The Grain column with Emma Croft

Emma Croft, farm trader at Anderson Grain Marketing Limited.
Emma Croft, farm trader at Anderson Grain Marketing Limited.

It has been an interesting seven days for the grain markets; this time last week markets had significantly rallied following a weekend of hot and dry weather across Western Europe alongside less than ideal conditions for the US spring wheat crop.

The rally continued for a further 24 hours buy by lunchtime on Wednesday, the bullish sentiment had stalled and the futures began to retreat.

For old crop values, there was little change to physical ex-farm values and £147/T looked like a realistic offer for most looking for spot collection.

As for new crop values, the benchmark £150/T ex-farm was initially offered for collection in spring 2018.

By Tuesday afternoon, this was offered for collection in the New Year 2018.

Currently, £150/T ex-farm is offered for May 2018.

As for the harvest position, feed wheat for as available collection off the combine at harvest continues to trade in the region of £140/T ex-farm.

Feed barley remains a significant discount to wheat at £110/T ex-farm.

According to DEFRA’s latest supply and demand estimates, the UK will end up a net importer of wheat this season and will enter the new marketing season on the 1 July with a relatively low level of stocks.

Imports of wheat this season have been forecast at 1.7 million tonnes, a 13 per cent increase on the previous season. Exports meanwhile have reached 1.5 million tonnes, a 47 per cent reduction on the previous season.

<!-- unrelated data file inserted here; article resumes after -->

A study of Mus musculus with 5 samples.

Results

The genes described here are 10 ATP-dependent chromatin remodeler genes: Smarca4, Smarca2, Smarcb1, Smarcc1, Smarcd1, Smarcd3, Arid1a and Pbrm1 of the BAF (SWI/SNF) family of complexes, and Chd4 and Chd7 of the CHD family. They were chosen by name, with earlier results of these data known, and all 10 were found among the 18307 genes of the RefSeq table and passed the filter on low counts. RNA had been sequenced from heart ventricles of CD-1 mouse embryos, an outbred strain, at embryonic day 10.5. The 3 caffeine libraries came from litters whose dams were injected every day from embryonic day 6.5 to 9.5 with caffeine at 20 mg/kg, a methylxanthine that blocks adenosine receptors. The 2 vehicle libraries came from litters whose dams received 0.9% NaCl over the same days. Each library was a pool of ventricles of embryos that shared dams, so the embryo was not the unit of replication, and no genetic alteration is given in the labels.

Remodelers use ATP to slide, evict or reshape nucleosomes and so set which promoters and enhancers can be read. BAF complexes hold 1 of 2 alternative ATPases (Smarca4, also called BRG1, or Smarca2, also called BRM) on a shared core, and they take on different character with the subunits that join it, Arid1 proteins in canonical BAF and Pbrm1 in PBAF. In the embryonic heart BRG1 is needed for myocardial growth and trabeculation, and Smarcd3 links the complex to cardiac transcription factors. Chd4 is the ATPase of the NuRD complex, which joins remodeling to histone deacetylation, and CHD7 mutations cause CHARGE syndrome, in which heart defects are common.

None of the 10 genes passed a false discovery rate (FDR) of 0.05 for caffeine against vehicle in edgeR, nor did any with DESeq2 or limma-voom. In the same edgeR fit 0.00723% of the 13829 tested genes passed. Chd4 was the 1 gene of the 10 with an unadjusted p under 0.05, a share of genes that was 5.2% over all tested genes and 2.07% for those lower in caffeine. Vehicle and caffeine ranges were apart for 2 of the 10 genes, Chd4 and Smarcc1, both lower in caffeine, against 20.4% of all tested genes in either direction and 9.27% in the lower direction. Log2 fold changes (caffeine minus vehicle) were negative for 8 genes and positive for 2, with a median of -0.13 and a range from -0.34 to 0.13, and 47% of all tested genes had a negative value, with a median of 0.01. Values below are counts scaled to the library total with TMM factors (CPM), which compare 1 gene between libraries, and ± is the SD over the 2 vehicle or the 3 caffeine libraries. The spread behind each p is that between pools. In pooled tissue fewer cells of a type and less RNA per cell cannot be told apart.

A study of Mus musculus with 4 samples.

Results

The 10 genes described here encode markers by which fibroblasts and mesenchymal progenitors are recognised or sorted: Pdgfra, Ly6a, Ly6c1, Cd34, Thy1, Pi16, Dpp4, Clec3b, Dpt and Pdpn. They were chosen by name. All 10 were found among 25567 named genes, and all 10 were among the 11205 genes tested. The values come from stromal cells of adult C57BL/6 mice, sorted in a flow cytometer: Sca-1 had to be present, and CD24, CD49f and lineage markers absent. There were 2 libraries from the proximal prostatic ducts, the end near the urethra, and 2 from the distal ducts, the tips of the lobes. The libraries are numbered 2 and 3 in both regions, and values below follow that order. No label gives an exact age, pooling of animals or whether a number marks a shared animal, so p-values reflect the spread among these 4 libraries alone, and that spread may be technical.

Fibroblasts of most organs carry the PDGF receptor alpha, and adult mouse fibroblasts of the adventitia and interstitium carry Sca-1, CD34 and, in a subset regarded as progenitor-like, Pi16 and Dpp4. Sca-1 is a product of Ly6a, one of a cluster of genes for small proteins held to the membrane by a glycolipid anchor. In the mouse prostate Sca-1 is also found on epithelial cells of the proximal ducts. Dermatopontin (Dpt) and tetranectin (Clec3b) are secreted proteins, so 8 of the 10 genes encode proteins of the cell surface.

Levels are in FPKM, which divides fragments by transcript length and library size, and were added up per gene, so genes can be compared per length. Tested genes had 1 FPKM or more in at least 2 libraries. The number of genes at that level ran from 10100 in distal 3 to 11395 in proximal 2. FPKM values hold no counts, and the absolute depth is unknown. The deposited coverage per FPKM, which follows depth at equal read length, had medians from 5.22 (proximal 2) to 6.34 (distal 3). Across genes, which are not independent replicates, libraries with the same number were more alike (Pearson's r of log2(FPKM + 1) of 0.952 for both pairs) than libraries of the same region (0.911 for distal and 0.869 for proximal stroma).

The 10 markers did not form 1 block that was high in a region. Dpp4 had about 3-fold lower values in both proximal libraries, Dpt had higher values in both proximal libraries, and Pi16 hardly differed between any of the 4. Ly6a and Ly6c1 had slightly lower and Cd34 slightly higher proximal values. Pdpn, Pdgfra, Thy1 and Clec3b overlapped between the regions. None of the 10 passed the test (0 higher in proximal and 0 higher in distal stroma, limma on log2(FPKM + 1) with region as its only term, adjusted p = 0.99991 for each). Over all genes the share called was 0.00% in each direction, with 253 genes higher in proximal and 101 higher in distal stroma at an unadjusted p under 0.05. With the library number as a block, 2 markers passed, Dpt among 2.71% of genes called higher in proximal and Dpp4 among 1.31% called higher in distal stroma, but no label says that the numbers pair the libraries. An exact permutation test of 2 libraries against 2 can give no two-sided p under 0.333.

It is also worth noting that human and industrial use of wheat over the last 12 months or so has increased by 10 per cent year on year, predominantly due to a rise in bio-fuel usage.

However, wheat used in animal feed has also risen by two per cent with a rise in poultry demand being the main driving force. Will this trend continue next season?

In its latest update, France AgriMer have reported that 68 per cent of the French soft wheat crop is said to be in a “good – very good” condition in the week ending 9 June.

This is a six per cent reduction on the week previous. Although it may seem small, this weekly drop is the largest seen this season.

Hot and dry weather in France is said to be behind the deterioration in crop condition, with some reporting of “scalding damage”. However, based on what I have seen on Twitter, the first of the winter barley crop is now safely in the shed and quality seems to be average but comfortably around the “63-64”kg/hl mark.

Perhaps this apparent “scalding damage” applies to the wheat crops and not the barley? Either way it is very early days yet and whilst it’s always good to keep an eye on things, I wouldn’t get too carried away with any rumours at this stage.